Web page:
Coral coverage at the Great Barrier Reef (GBR) in Australia is nearing record highs, according to recently released data from the Australian Institute of Marine Science (AIMS).
“Survey reefs experienced low levels of acute stressors over the past 12 months with no prolonged high temperatures or major cyclones,” AIMS found. “Overall, 59 out of 127 reefs had moderate (>10% – 30%) hard coral cover and 36 reefs had high (>30% – 50%) hard coral cover.”
AIMS explained, “2021 has been a low disturbance year, while the period from 2014 to 2020 was an intense period of widespread disturbances. There were numerous severe tropical cyclones and three mass coral bleaching events in five years.”
“In periods free from acute disturbances, most GBR coral reefs demonstrate resilience through the ability to begin recovery,” AIMS warned. “However, the reefs of the GBR continue to be exposed to cumulative stressors, and the prognosis for the future disturbance regime is one of increased and longer lasting marine heatwaves and a greater proportion of severe tropical cyclones.”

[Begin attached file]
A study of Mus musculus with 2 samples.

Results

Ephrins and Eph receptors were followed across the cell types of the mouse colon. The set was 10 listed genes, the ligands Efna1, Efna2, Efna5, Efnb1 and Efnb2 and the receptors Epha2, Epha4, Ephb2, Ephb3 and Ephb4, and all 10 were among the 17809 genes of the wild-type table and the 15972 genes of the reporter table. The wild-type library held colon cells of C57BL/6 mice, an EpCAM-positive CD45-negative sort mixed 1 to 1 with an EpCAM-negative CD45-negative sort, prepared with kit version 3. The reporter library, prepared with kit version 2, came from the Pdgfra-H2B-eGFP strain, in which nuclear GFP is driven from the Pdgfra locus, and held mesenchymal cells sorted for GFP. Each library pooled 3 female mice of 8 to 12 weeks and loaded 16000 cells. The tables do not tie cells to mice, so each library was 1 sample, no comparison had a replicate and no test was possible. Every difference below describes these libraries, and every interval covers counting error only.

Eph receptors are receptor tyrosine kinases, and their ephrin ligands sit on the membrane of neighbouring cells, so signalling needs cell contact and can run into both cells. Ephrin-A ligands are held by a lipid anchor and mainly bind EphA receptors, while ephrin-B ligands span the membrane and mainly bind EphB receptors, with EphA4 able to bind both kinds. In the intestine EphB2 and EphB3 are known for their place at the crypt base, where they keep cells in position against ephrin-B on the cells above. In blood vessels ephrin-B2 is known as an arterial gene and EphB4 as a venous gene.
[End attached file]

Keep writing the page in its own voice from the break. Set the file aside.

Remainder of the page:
The most recent report from the Intergovernmental Panel on Climate Change could not detect an increase in the long-term frequency or severity of tropical cyclones, which is consistent with earlier research.
According to the National Oceanic and Atmospheric Administration, “the historical tropical storm count record does not provide compelling evidence for a greenhouse warming induced long-term increase … The evidence for an upward trend is even weaker if we look at U.S. landfalling hurricanes, which even show a slight negative trend beginning from 1900 or from the late 1800s.”
As explained by Dr. Roger Pielke Jr., “it is simply incorrect to claim that on climate time scales the frequency or intensity of extreme weather and climate events has increased for: flooding, drought (meteorological or hydrological), tropical cyclones, winter storms, thunderstorms, tornadoes, hail, lightning or extreme winds (so, storms of any type).”